Football in the Atmosphere
Academic content:Earth Science
Purpose of Activity:The purpose of this activity is to provide a link between a flag football PE lesson and a lesson from an Earth Science class (levels of the atmosphere). By playing this game, students will have the characteristics of each layer reinforced and hopefully enhance the learning process.
Prerequisites:Students should have a basic understanding of the rules of flag football and have the ability to throw and catch successfully.
Suggested Grade Level:6-8
-One flag football belt for each student
-One football per game
-12 cones to setup endzones (layers of the atmosphere)
-Pennies or jerseys to distinguish teams
Physical activity:Throwing and Catching (Football)
Description of Idea
This game of flag football can be played in the gym or outside. Before the game begins, set up the playing area with 5 separate endzones. The endzones should essentially stack one on top of the other. For example, the back line of a given endzone, will also be the front line of the next endzone. Each endzone will represent a different layer of the atmosphere (starting from the bottom: troposphere - stratosphere - mesophere - thermosphere - exosphere). To begin the game, the offense will get the ball on the designated line of scrimmage. To correlate with the layers of the atmosphere, the closest endzone to the offense will be the troposphere, while the exosphere will be the furthest away.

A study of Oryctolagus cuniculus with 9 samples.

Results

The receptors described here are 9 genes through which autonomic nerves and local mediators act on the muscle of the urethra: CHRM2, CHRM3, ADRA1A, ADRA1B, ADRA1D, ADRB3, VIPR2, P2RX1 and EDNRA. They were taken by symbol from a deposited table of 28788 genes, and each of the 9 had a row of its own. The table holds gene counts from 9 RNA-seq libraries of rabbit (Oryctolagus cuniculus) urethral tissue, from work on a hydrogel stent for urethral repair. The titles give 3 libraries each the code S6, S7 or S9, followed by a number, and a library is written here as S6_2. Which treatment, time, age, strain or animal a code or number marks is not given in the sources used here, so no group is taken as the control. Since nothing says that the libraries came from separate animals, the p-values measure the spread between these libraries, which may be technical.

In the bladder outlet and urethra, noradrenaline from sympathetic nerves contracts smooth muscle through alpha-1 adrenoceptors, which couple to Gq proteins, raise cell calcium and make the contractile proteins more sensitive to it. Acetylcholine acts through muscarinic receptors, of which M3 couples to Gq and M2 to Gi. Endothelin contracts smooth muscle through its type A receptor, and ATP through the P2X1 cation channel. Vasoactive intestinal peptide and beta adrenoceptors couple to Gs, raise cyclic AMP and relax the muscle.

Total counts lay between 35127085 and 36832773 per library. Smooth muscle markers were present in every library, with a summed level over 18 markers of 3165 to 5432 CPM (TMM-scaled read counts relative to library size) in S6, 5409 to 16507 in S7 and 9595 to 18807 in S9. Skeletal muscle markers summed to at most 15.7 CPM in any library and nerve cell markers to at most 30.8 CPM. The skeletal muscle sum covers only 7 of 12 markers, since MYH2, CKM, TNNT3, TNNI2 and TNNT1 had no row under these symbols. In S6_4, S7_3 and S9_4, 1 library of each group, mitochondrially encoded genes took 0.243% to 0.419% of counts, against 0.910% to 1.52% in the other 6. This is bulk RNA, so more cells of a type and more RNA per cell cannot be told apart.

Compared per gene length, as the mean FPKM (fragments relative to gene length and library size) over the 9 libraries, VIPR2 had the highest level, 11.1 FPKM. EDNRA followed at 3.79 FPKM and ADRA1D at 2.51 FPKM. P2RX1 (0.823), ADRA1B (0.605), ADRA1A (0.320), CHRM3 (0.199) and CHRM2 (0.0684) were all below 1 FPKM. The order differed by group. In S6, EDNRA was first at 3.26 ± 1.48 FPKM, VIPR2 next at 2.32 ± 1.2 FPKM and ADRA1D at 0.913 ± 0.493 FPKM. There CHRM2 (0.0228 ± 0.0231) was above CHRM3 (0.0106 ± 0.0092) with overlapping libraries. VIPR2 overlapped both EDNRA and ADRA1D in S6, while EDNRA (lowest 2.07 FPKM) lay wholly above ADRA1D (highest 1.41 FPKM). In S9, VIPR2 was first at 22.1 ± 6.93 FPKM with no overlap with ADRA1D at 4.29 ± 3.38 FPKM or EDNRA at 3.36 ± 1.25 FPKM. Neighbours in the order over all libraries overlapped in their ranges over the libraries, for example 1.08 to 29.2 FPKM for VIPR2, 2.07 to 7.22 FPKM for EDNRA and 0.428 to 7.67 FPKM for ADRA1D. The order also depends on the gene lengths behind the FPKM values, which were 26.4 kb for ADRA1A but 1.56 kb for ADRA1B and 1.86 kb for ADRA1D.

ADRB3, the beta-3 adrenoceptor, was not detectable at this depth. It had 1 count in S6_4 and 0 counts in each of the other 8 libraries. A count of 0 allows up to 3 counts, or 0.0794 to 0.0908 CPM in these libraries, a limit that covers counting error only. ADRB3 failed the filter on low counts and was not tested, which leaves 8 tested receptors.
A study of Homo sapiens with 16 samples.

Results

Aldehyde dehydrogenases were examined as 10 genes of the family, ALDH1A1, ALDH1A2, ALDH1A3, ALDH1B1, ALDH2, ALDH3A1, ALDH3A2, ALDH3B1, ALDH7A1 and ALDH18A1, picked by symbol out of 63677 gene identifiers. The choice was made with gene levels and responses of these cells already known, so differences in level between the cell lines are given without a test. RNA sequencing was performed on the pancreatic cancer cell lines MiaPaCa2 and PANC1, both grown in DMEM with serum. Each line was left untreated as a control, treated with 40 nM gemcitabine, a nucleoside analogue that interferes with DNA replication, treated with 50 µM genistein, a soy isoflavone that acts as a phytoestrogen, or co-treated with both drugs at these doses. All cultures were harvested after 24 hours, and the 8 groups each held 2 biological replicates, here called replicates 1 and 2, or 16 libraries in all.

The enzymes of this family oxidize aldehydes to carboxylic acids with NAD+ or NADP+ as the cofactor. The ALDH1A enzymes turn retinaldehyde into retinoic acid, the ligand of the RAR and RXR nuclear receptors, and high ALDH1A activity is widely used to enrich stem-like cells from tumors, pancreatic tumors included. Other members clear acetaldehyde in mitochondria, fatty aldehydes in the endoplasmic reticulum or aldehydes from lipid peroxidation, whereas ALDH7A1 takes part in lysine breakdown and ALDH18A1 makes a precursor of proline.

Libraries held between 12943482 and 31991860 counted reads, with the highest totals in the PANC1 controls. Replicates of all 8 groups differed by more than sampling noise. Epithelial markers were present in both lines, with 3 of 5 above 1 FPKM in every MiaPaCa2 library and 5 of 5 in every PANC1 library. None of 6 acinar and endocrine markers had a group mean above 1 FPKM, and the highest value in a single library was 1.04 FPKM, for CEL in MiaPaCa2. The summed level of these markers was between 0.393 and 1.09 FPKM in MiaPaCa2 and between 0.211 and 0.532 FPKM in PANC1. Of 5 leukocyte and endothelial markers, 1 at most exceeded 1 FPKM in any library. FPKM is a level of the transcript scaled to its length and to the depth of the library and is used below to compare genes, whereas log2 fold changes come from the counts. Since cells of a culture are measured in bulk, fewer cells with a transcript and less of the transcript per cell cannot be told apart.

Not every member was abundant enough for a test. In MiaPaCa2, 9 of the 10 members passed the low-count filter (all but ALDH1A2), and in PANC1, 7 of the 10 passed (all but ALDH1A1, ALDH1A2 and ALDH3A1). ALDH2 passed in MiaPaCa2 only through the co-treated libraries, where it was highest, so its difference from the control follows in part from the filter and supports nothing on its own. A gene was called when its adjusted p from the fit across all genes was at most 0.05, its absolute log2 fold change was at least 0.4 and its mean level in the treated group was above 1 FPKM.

The teams will play traditional flag football, with the offense only getting 4 downs to try and score. If a player on offense catches a touchdown in an endzone, the teacher will then ask the player and/or entire team a question about the specific layer where the touchdown was caught. If the question is answered correctly, the offense will receive points based on which layer where the touchdown occurred (1 point for the troposphere, 2 for the stratosphere, 3 for the mesosphere , 4 for the thermosphere, and 5 for the exosphere). Players cannot score by running the ball into an endzone. Therefore, if the ball is caught in the third endzone, or the mesosphere, it cannot be advanced any further and 3 points will be given to the offense with a question answered correctly.
After the offense gets 4 downs, or after a turnover, the teams will switch roles.
Make sure everyone is rotating positions between plays to ensure the same person is not playing the same spot over and over, especially the quarterback!
If the defense intercepts a pass in a given endzone, they may answer a question about the atmoshperic layer and get the corresponding points with a correct answer.
End zones can be made smaller or larger based on skill level and available space.
When asking a question to a team that scored, have only the person that caught the ball try and answer the question. If the student gets it right, his or her team can receive double points. If the whole team must be used to answer a question, only regular points will be awarded to the team.
Use a bigger and softer ball instead of a football to make the skills of throwing and catching easier.
Allow students to run the ball into the first endzone, or the troposphere.
The assessment portion of the lesson occurs when teams catch the ball in an endzone and the teacher asks a question about the layers.
The best time to have this lesson is when the science teacher is going over the layers during his or her class. Questions used for touchdowns should come straight from the students' upcoming test on the layers of the atmosphere. I am sure the science teacher would love this extra review for his or her students!